Whenever I come
To see the ocean
There is my mother’s
At long last I made up my mind to travel north this year-to the northernmost part of Japan—to get more experience in writing haiku. No sooner had I slung my beggar’s bag round my neck and flung my little bundle over my shoulder than I noticed, to my great surprise, that my shadow was the very image of Saigyo, the famous poet-priest of times gone by. However, I was much ashamed when I reflected on how different was his mind from mine:—his, as white and pure as snow, and mine, as black as coal. I left my home on the sixteenth day of April, and had made my way about two or three miles along the road with the help of a stick, when I was arrested by a sudden thought: I was already near the peak of sixty, and as the moon sinks finally behind the western hills, so too my life was now in its decline. Once I had passed the northern checking station of Shirakawa, the possibility of my ever seeing home again seemed slight indeed. The voice of a rooster rang out from the roof tops; I fancied he was calling out to me to stop. And it seemed as though the gentle wind that was rippling through the growing wheat was waving to me to come back. So I finally rested my aching legs at the base of a tree, and looked back along that I had come from. It seemed as if my village of Kashiwabara lay just beyond that hill—and just beneath that cloud. It was so hard to leave that I wrote:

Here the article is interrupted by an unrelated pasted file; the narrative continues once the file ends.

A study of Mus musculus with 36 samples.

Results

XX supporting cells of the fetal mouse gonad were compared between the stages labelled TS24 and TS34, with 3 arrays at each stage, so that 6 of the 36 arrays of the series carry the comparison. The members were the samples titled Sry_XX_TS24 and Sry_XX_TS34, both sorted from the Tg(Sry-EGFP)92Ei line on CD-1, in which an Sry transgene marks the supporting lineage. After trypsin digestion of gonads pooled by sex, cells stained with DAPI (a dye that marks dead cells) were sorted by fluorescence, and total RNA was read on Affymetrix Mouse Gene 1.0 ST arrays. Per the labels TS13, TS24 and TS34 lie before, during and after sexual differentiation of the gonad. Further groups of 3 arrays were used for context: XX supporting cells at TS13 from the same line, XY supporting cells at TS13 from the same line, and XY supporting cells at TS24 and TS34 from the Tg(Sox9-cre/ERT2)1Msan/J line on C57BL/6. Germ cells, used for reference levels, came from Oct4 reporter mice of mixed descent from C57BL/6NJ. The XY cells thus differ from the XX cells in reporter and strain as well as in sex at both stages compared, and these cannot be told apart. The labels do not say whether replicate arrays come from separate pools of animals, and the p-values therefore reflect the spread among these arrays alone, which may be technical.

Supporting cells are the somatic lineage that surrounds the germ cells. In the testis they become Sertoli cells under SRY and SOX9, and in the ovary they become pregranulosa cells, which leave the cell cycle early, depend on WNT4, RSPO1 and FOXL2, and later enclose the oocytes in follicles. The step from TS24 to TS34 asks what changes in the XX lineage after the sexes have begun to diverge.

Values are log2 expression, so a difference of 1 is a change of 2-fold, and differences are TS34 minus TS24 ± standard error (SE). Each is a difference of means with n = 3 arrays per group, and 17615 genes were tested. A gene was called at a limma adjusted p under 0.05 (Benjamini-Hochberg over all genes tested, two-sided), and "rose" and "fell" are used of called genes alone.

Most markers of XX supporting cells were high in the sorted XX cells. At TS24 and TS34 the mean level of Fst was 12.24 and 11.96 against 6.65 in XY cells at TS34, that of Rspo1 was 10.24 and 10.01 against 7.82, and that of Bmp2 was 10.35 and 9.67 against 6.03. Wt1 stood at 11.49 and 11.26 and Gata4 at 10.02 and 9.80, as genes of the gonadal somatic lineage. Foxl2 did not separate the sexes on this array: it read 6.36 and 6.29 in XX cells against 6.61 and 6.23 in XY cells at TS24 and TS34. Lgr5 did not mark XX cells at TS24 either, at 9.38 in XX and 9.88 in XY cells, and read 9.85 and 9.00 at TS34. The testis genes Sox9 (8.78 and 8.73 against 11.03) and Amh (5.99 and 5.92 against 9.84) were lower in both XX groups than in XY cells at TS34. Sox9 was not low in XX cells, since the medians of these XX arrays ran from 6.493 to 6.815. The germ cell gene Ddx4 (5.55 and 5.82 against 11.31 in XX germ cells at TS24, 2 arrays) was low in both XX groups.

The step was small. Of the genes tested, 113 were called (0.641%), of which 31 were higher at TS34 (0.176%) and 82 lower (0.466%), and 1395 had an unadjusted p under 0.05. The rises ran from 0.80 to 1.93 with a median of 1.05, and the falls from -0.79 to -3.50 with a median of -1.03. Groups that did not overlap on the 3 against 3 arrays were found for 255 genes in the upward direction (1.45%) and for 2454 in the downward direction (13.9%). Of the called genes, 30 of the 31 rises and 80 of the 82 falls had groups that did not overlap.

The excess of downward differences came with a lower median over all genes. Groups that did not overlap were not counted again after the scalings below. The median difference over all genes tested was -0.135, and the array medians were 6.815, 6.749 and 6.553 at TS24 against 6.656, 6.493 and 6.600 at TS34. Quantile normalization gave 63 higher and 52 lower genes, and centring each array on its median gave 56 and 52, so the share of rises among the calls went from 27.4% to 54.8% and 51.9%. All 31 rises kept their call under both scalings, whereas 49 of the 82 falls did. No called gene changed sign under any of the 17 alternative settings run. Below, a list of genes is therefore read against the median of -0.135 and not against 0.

I am trying not to
But I just can’t help
Seeing and thinking
Of my village home.
[from: The Year of My Life (Oraga Haru ) by Issa (Yatarō Kobayashi), An autobiography in haibun—a mixed form of haiku and prose, translated by Nobuyuki Yuasa, University of California Press, 1971.]
Yes, this is something very special, thanks for letting me read it. I just ordered “Oraga Haru. The Year of my Life. A translation … by Nobuyuki Yuasa”, a used 1960 copy. I didn’t know about Issa before I started to read this wonderful blog. THANKS. /Hank
When the leaves fall, many of us take to the road. Maybe its the geese, or the west wind, or the song of the seasons. Loved Issa. Mike
Norbert, another beauty of a post, many thanks. Always nice to have my Issa jones addressed.